HMRC Takes On Limited Company Contractors
Her Majesty’s Revenue and Customs (HMRC) is responsible for the collection of taxes in the United Kingdom. For a long time, the regulatory organization has been harsh to contractors with regards to tax. According to the president of the HMRC and a counterpart in the industry, there should be a standard structure of taxing all working citizens in the UK. This is irrespective of whether one is self-employed or in formal employment. A recent move by the organization indicated its intention to crack down on the self-employed, especially, limited company contractors. Although there are no implementations as per now, the changes in NIC and dividends allowance depict their intentions.
Evidently, contractors do not feel the love from the HMRC. Limited contractors are used to employing strategies that reduce their tax obligations. Typically, limited company contractors receive their payments in bulk through dividends as opposed to ordinary salary. Any contractor will confirm this is the most effective and favorable way to receive their payments to reduce bites of NIC. However, the regulatory organization thinks otherwise. HMRC bosses indicate their dissatisfaction with the process terming it as unfair to other regular employees receiving the same amount of pay as salary. The organization categorically stated its intention to straighten the process, by establishing a universal payment system for all workers.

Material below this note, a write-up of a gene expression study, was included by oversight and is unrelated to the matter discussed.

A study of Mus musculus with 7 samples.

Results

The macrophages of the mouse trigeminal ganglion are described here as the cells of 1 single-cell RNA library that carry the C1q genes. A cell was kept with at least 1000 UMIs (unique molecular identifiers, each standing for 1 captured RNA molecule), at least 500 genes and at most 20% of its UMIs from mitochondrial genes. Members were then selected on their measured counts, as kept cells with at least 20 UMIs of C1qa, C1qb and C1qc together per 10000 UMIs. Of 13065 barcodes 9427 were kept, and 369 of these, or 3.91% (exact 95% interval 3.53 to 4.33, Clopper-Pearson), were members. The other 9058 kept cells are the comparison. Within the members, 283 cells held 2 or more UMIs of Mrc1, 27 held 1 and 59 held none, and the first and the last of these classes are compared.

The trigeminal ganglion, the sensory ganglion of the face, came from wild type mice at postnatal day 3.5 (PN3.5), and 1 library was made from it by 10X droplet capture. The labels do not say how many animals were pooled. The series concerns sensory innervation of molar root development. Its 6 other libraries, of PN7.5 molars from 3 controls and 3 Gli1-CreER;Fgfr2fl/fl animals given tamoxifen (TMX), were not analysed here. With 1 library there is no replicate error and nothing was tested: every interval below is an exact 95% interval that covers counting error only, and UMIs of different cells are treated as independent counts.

Move on NIC
Although the HMRC has not directed or implemented any policies officially with regards to equalizing dividends and pay, the recent National increase for contractors is a development towards achieving that goal. Limited company contractors have been slashed allowance on their dividends from £5000 to £2000. Besides, the type 4 national insurance has increased from 9 to 11 percent. The objective of HMRC is clear in this case, to do away with the difference between salaries and dividends as a form of payments in the United Kingdom.
Objective of HMRC
Although there is still a significant difference between regular employees and limited company contractors, it is an indication of more policies to reduce the disparity in the near future. The increase of national insurance and slashing of allowances was only a minor move, which precedes relating policies. In few years to come, there is bound to be a negligible difference between the contractors and standard employees. There is also a possibility of completely equalizing these two groups of people. The aim is to achieve total parity in NIC and tax among all employees.
Shift to Umbrella Companies
The stiffening of policies has resulted to a significant move of contractors from limited companies to umbrella company net. While it is not yet clear if the HMRC is comfortable with the shift, umbrella companies are undeniably increasing in popularity in the United Kingdom. Killing limited companies might be a strategy by the HMRC to propel umbrella companies which the government can be technically one of the players. Nevertheless, HMRC perceives umbrella companies as a tax evasion vehicle.